An artist’s impression of how the community hub at Monks Cross, part of the stadium scheme, could appear
THE first images of a “community hub” that will form part of York’s new stadium development have been revealed.
City of York Council has confirmed a string of organisations have now officially signed agreements to occupy the Monks Cross building which will be created alongside a 6,000-seat home for York City and York City Knights rugby league club.
It will include an Independent Living Assessment Centre, providing face-to-face advice to help disabled and elderly people stay in their homes, an outpatient facility for York Teaching Hospital NHS Foundation Trust, York St John University’s Institute of Community Sport and Wellbeing, children’s play facilities, a creche operated by Creepy Crawlies and an “e-learning” library.
The various organisations have signed “heads-of-terms” agreements. Plans for the stadium and the community building, as well as John Lewis, Marks & Spencer and Next stores nearby, were approved by the council in May, and the authority is now looking for a firm to design, build and operate the sporting venue, scheduled to be ready for the start of the 2014/15 football and rugby league season.
A community partnership event has been held at Clements Hall in York to outline to the community and voluntary sector how using the hub building could lead to “difficult-to-reach groups” become more involved.
Organisations attending included York Older People’s Assembly, Active York, North Yorkshire Sport and York Mental Health Forum.
Coun Sonja Crisp, cabinet member for leisure and culture issues, who opened the event, said: “We believe the community stadium will enable us to use the power of sport to promote wellbeing, put public health at the heart of our communities, engage children in healthy lifestyles and provide accessible learning opportunities for all.”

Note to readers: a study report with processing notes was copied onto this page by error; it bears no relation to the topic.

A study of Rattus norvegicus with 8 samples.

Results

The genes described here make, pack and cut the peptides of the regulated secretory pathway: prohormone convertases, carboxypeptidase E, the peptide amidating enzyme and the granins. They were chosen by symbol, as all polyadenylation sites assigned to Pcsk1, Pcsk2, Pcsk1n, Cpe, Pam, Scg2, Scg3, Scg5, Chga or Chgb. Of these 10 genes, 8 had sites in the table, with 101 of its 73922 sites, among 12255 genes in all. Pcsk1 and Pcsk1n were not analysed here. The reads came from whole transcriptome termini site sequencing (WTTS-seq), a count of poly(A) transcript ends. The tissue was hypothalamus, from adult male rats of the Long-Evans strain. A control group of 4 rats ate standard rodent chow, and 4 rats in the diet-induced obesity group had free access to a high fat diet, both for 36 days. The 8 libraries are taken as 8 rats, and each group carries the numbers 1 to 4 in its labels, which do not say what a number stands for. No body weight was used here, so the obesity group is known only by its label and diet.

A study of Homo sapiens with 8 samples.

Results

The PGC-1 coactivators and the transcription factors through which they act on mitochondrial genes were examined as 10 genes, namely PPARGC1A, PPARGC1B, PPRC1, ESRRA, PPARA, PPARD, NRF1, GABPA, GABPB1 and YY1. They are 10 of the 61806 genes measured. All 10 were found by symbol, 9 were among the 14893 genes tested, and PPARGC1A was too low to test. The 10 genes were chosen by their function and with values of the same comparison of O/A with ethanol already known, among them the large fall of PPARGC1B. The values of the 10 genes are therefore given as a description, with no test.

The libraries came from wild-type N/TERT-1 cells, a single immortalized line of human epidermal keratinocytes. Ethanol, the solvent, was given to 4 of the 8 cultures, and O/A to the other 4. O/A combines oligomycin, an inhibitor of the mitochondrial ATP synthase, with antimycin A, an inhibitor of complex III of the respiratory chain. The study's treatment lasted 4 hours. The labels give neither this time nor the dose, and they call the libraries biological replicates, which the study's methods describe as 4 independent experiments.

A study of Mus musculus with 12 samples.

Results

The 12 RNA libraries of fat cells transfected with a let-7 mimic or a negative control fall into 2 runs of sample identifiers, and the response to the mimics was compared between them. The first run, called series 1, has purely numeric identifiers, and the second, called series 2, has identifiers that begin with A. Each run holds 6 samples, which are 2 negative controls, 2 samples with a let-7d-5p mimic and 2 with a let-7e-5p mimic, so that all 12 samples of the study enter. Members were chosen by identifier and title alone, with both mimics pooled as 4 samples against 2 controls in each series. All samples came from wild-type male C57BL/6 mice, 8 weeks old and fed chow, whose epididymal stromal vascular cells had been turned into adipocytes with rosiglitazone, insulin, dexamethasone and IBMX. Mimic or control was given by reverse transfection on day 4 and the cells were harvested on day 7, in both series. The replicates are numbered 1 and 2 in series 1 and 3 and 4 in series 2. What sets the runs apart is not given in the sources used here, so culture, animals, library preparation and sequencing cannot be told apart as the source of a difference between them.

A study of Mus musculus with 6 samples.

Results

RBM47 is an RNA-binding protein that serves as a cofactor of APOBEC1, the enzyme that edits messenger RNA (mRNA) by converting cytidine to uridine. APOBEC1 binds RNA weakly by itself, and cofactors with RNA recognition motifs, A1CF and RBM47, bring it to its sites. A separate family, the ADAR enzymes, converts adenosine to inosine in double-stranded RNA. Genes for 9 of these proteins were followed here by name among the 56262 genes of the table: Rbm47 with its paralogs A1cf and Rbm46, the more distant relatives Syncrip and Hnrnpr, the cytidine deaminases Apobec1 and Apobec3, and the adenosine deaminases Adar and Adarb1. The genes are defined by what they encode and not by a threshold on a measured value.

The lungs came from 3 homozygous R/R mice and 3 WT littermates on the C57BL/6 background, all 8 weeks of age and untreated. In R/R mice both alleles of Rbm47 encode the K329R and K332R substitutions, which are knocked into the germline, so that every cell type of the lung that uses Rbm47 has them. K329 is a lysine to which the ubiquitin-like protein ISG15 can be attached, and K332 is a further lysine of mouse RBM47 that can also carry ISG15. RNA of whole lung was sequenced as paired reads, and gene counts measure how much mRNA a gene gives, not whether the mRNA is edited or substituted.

Guest speakers at the partnership meeting included representatives from the hospital trust, York St John and Creepy Crawlies, York City in the Community co-ordinator Paula Stainton and the council’s head of libraries and archives, Fiona Williams, as well as its director of public health and wellbeing Dr Paul Edmondson-Jones.
He said: “It was a great opportunity to get York’s community together to discuss how we can use the new community stadium and community hub in the best possible way to benefit the people of York.”
The organisations using the community hub will occupy 2,000sqm of space.
The outpatient facility will offer services including physiotherapy, pain management, sexual health advice, weight management and blood-taking.
The Institute of Community Sport and Wellbeing will run schemes designed to promote sport, activity, health and education.
The library facility will support genealogy research and access to sports archives.